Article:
One thing I learned very quickly from my many excursions to China is the word guanxi 关系.
Almost as soon as I landed and started conversing with others, I was told that I seem to have a lot of Guanxi! I wondered, but didn’t want to ask, what in the world they meant by that? So, I looked it up.
Guanxi (pronounced GWAN-She) is defined as “the fundamental dynamic in personalized social networks of power, and is a crucial system of beliefs in Chinese culture. In Western media, this Chinese word is becoming more widely used instead of the two common translations of it—"connections" and "relationships"— but neither of those terms sufficiently reflects the wide cultural implications that guanxi describes in China.
Yes, I have guanxi 关系. I’m not sure that there is a word in English that describes my personality more. I have taught in a visiting professor program in China during the summer months, nine times from 2010 to 2019, (I also taught in Bangkok, Thailand in 2015). I hope to return and continue going as often as I am able and have opportunity. I have also spent several years in the States tutoring or teaching Chinese university student’s principles of communication, or just simply helping them with their English. It’s been so much fun, and something for which has generated lots of laughs, tears, and heartfelt experiences learning together. Because of these experiences I have become somewhat of an officinato of all thing’s Chinese students, I have often been asked to say what the differences between Chinese and American students might be. I came up with a whimsical, sometimes humorous, and sometimes poignant list of differences.
What do you think? Are there any more than belong on this list?
1. In China - The Umbrella is not for the rain but for the sunshine.
2. Americans like their fish cooked and their meat rare, Chinese like their fish raw and their meat well done.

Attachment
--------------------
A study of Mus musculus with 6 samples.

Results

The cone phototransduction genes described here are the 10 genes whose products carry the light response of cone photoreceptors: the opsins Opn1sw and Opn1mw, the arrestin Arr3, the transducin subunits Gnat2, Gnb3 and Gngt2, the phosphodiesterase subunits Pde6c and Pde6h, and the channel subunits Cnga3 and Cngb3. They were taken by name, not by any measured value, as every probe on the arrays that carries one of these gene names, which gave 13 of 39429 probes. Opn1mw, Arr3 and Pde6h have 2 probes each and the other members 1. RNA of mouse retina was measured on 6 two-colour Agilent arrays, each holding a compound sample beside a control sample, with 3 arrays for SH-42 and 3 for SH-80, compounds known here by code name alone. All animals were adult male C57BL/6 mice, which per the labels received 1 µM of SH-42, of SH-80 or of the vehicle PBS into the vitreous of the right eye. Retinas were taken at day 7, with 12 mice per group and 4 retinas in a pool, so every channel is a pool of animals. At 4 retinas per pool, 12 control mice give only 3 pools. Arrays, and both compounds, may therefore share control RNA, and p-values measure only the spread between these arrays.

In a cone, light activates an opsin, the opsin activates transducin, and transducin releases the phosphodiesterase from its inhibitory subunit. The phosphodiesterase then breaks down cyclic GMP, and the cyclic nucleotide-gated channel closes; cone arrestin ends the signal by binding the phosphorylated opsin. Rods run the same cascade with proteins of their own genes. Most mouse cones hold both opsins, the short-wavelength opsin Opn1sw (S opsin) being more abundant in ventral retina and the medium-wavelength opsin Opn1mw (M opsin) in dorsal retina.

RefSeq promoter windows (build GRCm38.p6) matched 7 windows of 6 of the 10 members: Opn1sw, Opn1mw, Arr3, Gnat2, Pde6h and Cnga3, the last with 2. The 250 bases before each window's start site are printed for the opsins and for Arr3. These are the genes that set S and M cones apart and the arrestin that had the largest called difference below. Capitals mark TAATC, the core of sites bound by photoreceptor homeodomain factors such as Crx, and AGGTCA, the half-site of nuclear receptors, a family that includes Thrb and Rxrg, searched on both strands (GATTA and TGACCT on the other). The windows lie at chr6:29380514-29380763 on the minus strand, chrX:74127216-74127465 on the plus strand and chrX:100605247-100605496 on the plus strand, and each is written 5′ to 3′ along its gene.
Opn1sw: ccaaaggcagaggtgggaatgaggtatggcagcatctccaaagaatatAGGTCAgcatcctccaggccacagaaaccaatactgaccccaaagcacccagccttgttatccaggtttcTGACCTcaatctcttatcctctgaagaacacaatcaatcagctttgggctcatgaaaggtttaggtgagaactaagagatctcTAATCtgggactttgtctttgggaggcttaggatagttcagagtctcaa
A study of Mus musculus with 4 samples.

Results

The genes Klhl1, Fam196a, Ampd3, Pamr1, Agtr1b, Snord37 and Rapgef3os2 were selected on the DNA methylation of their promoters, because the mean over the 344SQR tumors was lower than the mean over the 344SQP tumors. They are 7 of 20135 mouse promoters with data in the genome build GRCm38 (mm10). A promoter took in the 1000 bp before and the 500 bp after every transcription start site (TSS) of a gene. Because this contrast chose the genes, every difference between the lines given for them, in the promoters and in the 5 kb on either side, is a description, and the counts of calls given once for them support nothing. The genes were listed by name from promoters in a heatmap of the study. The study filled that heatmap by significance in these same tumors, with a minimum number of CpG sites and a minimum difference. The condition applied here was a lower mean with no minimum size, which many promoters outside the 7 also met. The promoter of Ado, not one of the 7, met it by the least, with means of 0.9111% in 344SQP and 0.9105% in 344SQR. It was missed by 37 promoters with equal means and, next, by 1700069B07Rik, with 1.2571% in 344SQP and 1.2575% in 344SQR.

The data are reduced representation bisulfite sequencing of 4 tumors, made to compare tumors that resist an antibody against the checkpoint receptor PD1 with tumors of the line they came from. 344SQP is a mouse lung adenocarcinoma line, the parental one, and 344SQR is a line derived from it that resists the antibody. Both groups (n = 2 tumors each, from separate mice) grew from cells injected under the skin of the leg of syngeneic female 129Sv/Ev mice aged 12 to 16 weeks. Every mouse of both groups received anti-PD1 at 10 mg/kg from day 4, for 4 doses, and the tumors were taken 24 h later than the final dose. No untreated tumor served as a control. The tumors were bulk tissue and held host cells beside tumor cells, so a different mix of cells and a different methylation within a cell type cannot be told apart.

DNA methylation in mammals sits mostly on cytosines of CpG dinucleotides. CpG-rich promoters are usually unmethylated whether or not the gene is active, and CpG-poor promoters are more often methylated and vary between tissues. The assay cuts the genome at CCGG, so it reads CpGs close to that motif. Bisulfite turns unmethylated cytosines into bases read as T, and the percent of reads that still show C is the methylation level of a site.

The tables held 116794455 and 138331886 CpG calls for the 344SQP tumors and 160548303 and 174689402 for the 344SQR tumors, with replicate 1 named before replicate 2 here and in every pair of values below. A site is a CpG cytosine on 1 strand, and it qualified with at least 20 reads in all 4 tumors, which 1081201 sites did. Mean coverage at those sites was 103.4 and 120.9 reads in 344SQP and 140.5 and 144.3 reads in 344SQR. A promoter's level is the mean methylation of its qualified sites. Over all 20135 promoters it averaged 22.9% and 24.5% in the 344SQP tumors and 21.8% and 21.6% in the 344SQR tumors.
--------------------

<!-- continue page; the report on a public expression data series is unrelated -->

3. Chinese steam their rice while Americans fry their rice.
4. For Girls in China, it’s High Heels – For American girls it’s flip-flops.
5. In America, Eye Glasses actual have lenses in the frames.
6. In China, it’s Hot Green Tea – In America, it’s Sweet Iced Tea
7. If an American university student gets homesick, it’s just “over the river and through the woods.” For Chinese students its “over the Pacific and through the air.”
8. In America it’s 1-2-3 Cheese! In China it’s EE – R – San: Qiézi 茄子 (translates in English to Eggplant,
9. After a big meal The Chinese go for a walk, in America we take a nap!
10. The purse – in China it’s not just for women!
11. Chinese are not as openly affectionate to one another, especially married people.
12. Chinese students NEVER see their parent’s kiss. American kids don’t want to see their parents’ kiss.
13. Chinese rarely use ice in their drinks. Many think it will make you fat. American like to eat ice.
14. Chinese students drink HOT water to refresh and cool off. That makes no sense to Americans.
15. Chinese don’t ever eat their vegetables cold or raw – they even cook their lettuce!
16. Chinese eat their fish with the heads on them. Americans think the fish is looking at them on the plate
17. Chinese boys spend a lot of time playing video games. Maybe that’s not so different after all?
18. In China, Americans should NEVER speak about the Three T’s: Taiwan, Tibet, and Tiananmen Square
19. Chinese students often start to learn English in kindergarten. Americans NEVER learn Chinese.
20. Chinese students rarely have a sibling. They often refer to their first cousins as "my brother or sister."
Most importantly, I realized that Chinese and American students are not really that different. Both essentially want three things. We all want to be happy, we all want to be loved by somebody, and we all want to love somebody. Please love your neighbor as you would love yourself!
Steve Shaner, also known as Xie Yeye, is a professional story teller that delights in traveling to meet new and old friends. He can be contacted at firstname.lastname@example.org.